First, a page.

Thursday Yesterday & today the weather cool and wet My face remains swollen through [because of] my teeth. On fire piquet today rained nearly all day. Sent photo’s home tonight. Did a little cleaning up today. Gas drill before breakfast
Gas drill before breakfast seems a little unkind, but I suppose it is realistic.
I hope that being on fire picquet — on fire watch — at least kept Percy out of the rain. Over in the 58th Battery, Archie Wills is indoors, on cookhouse fatigue, where a parade of inspections all week seems to be the only relief from monotony. Yesterday, “a captain from London went through the cookhouse and found fault with nearly everything. Course I guess he has to find fault or he wouldn’t have a job. Found some crusts of bread in the swill can and proceeded to give a long lecture on economy in war time.” (1)
When the wheat supply is threatened, it seems criminal to waste bread. Certainly the cold weather of this spring has made British farmers doubtful that their 1917 crop will be as good as previous years, even if there were labour to harvest it. As a result, Britain is seeking to buy all the surplus wheat from Canada, having already contracted Australia’s wheat surplus, and secured as much as possible from Egypt and India. A Canadian supply, transported a shorter distance than Australia’s or India’s, and in larger ships than Egypt’s, “might mean the salvation of the British people, and the decisive factor in the decision of the war.” (2)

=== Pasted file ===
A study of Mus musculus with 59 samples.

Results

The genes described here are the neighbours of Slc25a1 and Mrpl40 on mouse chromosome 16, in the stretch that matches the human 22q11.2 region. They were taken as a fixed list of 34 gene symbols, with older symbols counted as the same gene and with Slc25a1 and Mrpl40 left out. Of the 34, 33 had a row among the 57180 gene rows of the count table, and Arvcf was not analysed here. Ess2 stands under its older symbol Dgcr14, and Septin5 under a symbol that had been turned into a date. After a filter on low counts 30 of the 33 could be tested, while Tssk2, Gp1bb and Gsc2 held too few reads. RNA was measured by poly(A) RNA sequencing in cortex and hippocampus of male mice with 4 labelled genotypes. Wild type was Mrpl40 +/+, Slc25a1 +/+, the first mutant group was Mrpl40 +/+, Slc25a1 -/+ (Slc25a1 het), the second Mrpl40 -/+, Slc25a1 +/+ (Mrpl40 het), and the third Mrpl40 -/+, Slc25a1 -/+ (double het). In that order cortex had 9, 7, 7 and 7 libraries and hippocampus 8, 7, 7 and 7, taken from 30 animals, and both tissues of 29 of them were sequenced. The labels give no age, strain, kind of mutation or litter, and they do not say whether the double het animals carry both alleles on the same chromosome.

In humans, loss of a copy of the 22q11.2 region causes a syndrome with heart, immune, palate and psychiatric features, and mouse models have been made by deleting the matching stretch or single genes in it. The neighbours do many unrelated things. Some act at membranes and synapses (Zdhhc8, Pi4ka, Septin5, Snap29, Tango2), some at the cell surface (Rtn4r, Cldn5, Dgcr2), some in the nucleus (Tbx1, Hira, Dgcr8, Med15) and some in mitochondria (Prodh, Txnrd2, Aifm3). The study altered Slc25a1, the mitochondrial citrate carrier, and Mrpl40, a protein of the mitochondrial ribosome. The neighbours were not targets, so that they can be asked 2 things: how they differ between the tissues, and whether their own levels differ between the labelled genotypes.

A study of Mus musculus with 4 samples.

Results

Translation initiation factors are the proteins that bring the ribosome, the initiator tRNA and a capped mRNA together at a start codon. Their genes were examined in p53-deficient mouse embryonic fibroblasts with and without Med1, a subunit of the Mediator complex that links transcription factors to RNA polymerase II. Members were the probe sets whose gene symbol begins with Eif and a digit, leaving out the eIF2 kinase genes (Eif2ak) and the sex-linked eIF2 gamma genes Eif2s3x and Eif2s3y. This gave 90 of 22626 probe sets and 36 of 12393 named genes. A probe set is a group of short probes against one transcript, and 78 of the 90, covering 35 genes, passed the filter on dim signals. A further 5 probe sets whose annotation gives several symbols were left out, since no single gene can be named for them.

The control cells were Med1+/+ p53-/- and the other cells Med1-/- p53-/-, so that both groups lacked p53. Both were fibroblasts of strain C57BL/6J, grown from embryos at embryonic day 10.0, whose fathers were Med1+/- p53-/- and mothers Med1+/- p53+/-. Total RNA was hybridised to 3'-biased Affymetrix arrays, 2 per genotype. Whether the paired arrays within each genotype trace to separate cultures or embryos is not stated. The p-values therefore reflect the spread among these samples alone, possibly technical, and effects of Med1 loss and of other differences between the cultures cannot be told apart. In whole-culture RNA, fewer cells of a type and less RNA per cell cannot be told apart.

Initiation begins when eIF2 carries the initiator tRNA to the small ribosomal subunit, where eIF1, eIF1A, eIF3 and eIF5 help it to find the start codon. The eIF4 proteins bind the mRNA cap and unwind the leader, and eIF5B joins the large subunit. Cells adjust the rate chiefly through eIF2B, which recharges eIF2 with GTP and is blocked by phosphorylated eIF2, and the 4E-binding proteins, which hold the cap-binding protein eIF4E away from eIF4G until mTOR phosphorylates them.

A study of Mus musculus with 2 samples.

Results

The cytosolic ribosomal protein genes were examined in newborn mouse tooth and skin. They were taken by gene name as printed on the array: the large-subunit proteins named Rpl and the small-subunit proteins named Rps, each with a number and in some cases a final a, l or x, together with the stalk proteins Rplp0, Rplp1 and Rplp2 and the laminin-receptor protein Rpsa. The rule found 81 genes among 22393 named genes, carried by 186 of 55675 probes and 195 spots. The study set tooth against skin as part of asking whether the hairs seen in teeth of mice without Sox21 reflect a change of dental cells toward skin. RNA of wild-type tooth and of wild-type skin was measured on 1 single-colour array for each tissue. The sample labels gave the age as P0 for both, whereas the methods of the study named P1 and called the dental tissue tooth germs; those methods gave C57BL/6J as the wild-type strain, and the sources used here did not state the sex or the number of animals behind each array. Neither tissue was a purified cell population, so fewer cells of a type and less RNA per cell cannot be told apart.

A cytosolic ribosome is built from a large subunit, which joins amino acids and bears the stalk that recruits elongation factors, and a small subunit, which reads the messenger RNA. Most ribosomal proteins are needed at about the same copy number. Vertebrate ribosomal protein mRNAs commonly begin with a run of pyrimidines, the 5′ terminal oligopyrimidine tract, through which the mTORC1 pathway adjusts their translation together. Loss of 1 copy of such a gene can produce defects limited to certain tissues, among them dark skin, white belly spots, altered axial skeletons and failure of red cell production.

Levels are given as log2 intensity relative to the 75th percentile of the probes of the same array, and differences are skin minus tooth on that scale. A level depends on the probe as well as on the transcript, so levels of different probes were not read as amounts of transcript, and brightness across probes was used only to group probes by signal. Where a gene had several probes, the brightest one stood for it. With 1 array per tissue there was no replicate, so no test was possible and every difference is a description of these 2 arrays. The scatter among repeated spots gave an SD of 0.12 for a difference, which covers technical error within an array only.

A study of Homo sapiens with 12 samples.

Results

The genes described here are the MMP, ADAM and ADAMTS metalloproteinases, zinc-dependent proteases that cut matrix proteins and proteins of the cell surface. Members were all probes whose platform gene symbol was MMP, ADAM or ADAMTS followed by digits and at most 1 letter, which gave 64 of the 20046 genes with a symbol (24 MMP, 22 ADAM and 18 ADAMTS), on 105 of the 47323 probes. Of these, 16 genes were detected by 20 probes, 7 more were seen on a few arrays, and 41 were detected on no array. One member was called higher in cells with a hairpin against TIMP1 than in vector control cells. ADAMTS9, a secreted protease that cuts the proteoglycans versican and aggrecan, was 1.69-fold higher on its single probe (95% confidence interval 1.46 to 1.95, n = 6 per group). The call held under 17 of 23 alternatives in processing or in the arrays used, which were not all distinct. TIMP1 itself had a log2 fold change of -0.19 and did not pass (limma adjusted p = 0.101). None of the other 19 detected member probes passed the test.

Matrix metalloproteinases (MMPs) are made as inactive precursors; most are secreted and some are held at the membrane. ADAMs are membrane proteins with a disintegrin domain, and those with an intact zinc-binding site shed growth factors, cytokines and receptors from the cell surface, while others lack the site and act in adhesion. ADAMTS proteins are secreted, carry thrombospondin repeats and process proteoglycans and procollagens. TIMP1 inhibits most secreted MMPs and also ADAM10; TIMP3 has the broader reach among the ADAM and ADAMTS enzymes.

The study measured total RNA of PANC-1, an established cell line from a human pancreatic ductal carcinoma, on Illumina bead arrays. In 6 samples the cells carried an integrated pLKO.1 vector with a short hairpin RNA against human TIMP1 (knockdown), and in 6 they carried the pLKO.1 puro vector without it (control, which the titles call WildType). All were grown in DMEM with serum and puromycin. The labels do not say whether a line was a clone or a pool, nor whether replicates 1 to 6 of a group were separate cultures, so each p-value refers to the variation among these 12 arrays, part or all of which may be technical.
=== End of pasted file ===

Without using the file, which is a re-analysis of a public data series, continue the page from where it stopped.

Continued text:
While a wheat shortage looms, even stale bread has a place. “It can be made equal to new baked bread,” army cooks were told, “by being immersed in cold water and rebaked for about one hour.” Alternatively, “slices or bits can be dipped in milk and baked in [a] hot oven. This process makes delicious rusks.” (3)
Just how delicious those rusks really were can be questioned; what is certain, however, is that the soldiers eating them would need strong teeth.
In defence of Archie and the cooks of the 58th Battery, please note that the crusts of bread that so incensed the inspector were not really wasted: they were in the swill can, and were presumably destined for pigs on a nearby farm.
(1) Wills, Archie. Diary. 4: 60. May 16, 1917. Archie Wills Fonds, University of Victoria Archives. Copyright 2007, University of Victoria.
(2) “Why Great Britain wants our wheat.” The Globe (1844-1936). March 23, 1917. 7. Archive available from ProQuest Historical Newspapers.
(3) Qtd. in Andrew Robertshaw, Feeding Tommy: Battlefield Recipes from the First World War. 2013.
The image of pigs feeding can be found at Farminmypocket.co.uk, a “growing resource for the self-sufficient homesteader.”
Copyright 2017. See “More about this project.”